Even the bourgeois press has admitted that the sudden shift in world economic fortunes has brought Marxism ‘back from the dead’ – the Sunday Times ran an article last week under the title ‘The credit crunch is bringing Marxism back into fashion’. From our perspective, Marxism is not a fashion or a strange breed of animal, as the bourgeoisie like to kid themselves, but the only answer to today’s problems. And as the deep crisis of world capitalism comes more and more to the surface, more and more people will seek our ideas. This was shown by the turnout of more than 30 at ULU Marxist Society and Socialist Appeal’s Marxist Day School on Saturday 12th July.
The day began at 12.00 with Fred Weston leading off on the topic ‘Marxism and the Black Struggle’. Fred started off with the fact that there is no scientific basis for racism whatsoever, and that such an ideology is a product of social relations, and specifically capitalist social relations. For example, under different social conditions, such as the Roman Empire, the slaves were largely of similar ethnicity to the slave owners, and at the same time there were African Roman Emperors, such as Septimius Severus. Racism is therefore not some natural or an innate human trait.
However, all class societies have inequality and oppression at their centre, and need an ideology to justify this. Capitalism has always gone hand in hand with the ideology of racism. Fred explained that the cause of this lies in capitalism’s historical genesis through the revival of slavery, its continued inability to give decent jobs and conditions to all, and its need to divide the working class in order to remain dominant. For this reason Fred argued that Marxists must strive for maximum unity of the working class and fight all tendencies towards working class division.
Then Jon Avis led off on ‘Stalinism and Bolshevism’. He focused on the ideas of Stalinism as the degeneration of the worker’s state and Bolshevik Party due the chronically low levels of production in the Russian economy – he pointed out that after the civil war the Soviet state’s production was one fifth of what it had been in 1913. This led to generalised want, the struggle for resources, and the weakening of the proletariat, which enabled the old Tsarist bureaucracy to re-enter the state free from working class control. Jon then added that this represented a counter-revolutionary usurpation of power, the contrast between Bolshevism and Stalinism being represented by the fact that at the end of the purges, only Stalin remained alive out of those who led the October Revolution. Members of the audience then debated these ideas and how we should understand Stalinism, with one arguing that the 1918 abolition of the Constituent Assembly represented the first move away from democracy. Another comrade criticised this argument, since the real centre of revolutionary democracy was the Soviets.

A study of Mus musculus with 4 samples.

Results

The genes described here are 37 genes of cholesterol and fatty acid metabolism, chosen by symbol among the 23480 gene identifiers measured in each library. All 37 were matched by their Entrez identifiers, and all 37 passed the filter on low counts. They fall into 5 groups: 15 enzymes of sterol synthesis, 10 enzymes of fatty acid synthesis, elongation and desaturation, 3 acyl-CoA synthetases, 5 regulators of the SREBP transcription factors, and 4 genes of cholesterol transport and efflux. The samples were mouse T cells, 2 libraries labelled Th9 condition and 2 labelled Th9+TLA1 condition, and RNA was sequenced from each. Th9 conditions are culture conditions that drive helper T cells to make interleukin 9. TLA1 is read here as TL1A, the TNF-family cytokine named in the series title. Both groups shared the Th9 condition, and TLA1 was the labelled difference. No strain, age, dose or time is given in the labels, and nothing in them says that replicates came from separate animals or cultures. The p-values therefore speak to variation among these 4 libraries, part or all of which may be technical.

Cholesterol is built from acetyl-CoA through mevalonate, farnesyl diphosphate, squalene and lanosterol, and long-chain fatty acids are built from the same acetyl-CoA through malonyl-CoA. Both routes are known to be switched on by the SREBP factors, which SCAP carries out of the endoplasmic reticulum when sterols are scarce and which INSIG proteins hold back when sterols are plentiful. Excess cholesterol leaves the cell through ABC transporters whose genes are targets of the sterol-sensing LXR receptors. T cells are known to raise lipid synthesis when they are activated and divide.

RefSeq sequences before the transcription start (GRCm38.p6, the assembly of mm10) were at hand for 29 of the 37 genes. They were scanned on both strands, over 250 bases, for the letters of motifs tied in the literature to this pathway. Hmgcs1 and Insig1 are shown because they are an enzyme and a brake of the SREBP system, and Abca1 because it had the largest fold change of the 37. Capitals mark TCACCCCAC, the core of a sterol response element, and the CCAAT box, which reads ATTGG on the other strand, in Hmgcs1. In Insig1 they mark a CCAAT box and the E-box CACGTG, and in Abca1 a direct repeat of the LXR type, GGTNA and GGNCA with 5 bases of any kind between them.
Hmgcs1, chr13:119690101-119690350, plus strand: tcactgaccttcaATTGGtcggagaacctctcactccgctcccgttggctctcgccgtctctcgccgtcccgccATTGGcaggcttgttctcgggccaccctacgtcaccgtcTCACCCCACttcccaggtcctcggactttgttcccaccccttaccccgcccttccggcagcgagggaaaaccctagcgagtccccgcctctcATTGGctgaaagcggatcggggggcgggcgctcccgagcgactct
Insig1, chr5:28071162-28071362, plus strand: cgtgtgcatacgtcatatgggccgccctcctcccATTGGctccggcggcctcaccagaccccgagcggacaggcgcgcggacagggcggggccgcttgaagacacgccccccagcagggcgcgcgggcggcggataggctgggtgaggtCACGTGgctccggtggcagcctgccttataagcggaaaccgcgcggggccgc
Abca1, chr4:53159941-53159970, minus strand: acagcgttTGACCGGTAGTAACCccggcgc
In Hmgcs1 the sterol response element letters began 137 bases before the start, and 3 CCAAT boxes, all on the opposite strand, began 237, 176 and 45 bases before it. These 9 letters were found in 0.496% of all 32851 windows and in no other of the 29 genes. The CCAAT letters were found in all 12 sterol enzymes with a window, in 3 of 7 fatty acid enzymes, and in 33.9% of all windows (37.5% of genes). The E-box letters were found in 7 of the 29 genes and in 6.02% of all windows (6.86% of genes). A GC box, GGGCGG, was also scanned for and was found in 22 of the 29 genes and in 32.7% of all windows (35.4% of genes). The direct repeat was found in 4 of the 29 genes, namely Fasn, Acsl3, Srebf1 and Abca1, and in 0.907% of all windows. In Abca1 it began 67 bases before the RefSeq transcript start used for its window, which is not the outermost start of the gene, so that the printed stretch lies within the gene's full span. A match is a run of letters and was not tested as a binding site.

Finally Rob Sewell spoke on 'Marxism Vs Ultra-leftism’. This was in relation to the sectarian idea of leaving mass trade unions or workers’ parties when the leadership is conservative, to set up small ‘revolutionary’ unions and parties on the sidelines. He characterised this as essentially giving up on the struggle for the leadership of the working class. He criticised the tendency to denounce right wing labour leaders when there is no significant organised alternative, rather than placing demands on them. He also argued that it was utopian to think that the mass of the working class is going to vote for tiny parties on the fringes, however good their politics, and would instead simply abstain. Such sectarian policies lead to frustration, and as a result these revolutionaries can quickly turn to opportunism as a quick solution. The audience discussed these ideas in relation to the British labour movement, with one trade union militant asking how non-sectarians who operate in the Labour Party could avoid being expelled from the party, as Militant supporters were. Rob answered that there is no guarantee with this, just as there is no guarantee that revolution will win over counterrevolution in any one situation. Ultimately it depends on the class balance of forces.
The day school was a success, with a good attendance, debate and considerable money raised in the international appeal.